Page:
From: Denver Art Museum Limited Edition: 5 Exhibition: Mi Tierra: Contemporary Artists Explore Place Material: Printed 2-ply vinyl Dimensions: 30" x 89" (76cm x 226cm) Hanging Hardware Included
Remember the Utah teen who posted her prom pics on Twitter and got way more feedback than she expected? She wore a traditional Chinese cheongsam to her prom. In response to the backlash, she said she thought the dress was beautiful and was showing appreciation for Chinese culture by wearing it. But others panned it off as cultural appropriation. Living in Las Vegas, Justin Favela knows a little about this conversation. He recommends returning those blow-up maracas to the party store the next time you think “Cinco de Drinko” party. Check out the massive piñata paper mural and garden installation he created for the Denver Art Museum’s Mi Tierra: Contemporary Artists Explore Place. He used thousands of pieces of piñata paper to get us thinking about the ways our culture perpetuates Mexican stereotypes. A colorful portion of his mural covers one of the banners used to promote the exhibition.
The Denver Art Museum selected 13 emerging Mexican-American conceptual artists to create installations for the exhibition, Mi Tierra: Contemporary Artists Explore Place. The artists each had some tie to Mexico and the American West, either as a first generation American, living part-time in both countries, or as an immigrant from one country to the other. They were charged with creating a site-specific installation on the fourth floor of the Denver Art Museum’s Hamilton Building that addressed the ideas of home and place. The results were diverse narratives about migration, displacement, labor, nostalgia, visibility, and the complex layers of culture in the American western states. They told their stories in very different ways: performance-based video, fiber constructions, mixed media, digital animation, painting, sculpture, and ceramics.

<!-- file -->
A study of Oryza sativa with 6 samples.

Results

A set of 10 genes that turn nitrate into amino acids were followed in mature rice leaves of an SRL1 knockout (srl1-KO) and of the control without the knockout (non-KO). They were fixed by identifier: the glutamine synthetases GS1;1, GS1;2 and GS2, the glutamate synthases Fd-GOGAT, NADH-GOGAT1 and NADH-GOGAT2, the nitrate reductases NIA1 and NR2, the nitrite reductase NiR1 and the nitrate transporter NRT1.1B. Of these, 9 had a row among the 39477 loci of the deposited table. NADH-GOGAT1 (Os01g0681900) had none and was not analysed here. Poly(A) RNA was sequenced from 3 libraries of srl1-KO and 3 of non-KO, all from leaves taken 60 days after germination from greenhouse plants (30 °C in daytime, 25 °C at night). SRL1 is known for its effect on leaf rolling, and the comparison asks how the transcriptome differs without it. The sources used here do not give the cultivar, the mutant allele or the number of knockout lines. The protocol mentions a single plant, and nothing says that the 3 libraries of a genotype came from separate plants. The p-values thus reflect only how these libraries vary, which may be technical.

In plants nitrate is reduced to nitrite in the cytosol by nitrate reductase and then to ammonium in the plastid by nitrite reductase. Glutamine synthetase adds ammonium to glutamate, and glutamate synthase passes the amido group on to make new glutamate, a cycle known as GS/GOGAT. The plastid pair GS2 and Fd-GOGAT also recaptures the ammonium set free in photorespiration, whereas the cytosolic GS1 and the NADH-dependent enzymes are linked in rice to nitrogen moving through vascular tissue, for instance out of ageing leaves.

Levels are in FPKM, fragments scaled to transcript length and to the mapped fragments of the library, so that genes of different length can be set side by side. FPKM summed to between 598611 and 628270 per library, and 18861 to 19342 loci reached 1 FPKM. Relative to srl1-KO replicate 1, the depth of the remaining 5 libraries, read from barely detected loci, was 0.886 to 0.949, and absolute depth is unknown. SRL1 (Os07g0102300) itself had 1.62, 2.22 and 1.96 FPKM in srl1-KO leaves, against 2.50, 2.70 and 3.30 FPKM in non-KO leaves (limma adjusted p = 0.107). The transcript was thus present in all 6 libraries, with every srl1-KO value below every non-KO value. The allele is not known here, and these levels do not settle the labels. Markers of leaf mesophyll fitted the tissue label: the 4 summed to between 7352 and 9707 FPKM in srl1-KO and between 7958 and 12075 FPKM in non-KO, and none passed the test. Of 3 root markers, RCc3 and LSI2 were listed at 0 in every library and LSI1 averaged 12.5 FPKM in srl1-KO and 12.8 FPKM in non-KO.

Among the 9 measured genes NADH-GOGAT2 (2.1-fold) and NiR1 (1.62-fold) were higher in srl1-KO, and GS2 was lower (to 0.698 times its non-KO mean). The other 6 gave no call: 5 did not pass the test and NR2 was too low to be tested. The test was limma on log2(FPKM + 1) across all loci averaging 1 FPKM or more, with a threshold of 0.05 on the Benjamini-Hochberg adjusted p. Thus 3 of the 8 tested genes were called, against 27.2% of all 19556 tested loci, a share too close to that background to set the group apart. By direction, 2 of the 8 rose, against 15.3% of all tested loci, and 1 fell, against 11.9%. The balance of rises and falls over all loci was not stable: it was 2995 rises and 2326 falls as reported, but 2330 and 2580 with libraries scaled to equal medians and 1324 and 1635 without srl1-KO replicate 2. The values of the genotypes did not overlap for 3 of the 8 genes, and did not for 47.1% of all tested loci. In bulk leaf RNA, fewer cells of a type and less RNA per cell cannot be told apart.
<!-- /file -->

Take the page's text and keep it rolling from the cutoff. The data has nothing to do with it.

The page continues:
One of the banners used to promote Mi Tierra featured detail of Boundary, a photograph taken by Daniela Edburg and hung on a wall as part of her installation, Uprooted. The photo was taken while the artist, who lives in Mexico, was visiting the Pawnee National Grassland near Greeley, Colorado. She spent time in the state prior to the exhibition to allow the place to inspire original work. She described the photo “as a reflection of our broken relationship with nature and our understanding of it through the artificial.” In the full photo, the subjects are sitting on a patch of grass crocheted by Edburg and brought with her from Mexico.
This banner shows two females sitting closely looking off into the prairie with a partly cloudy sky above, a detailed portion of Boundary. “MI TIERRA/CONTEMPORARY ARTIST EXPLORE PLACE” and “DENVER ART MUSEUM” appear at the bottom in white, reversed out of an orange screen over the grass. This banner is identical on both sides.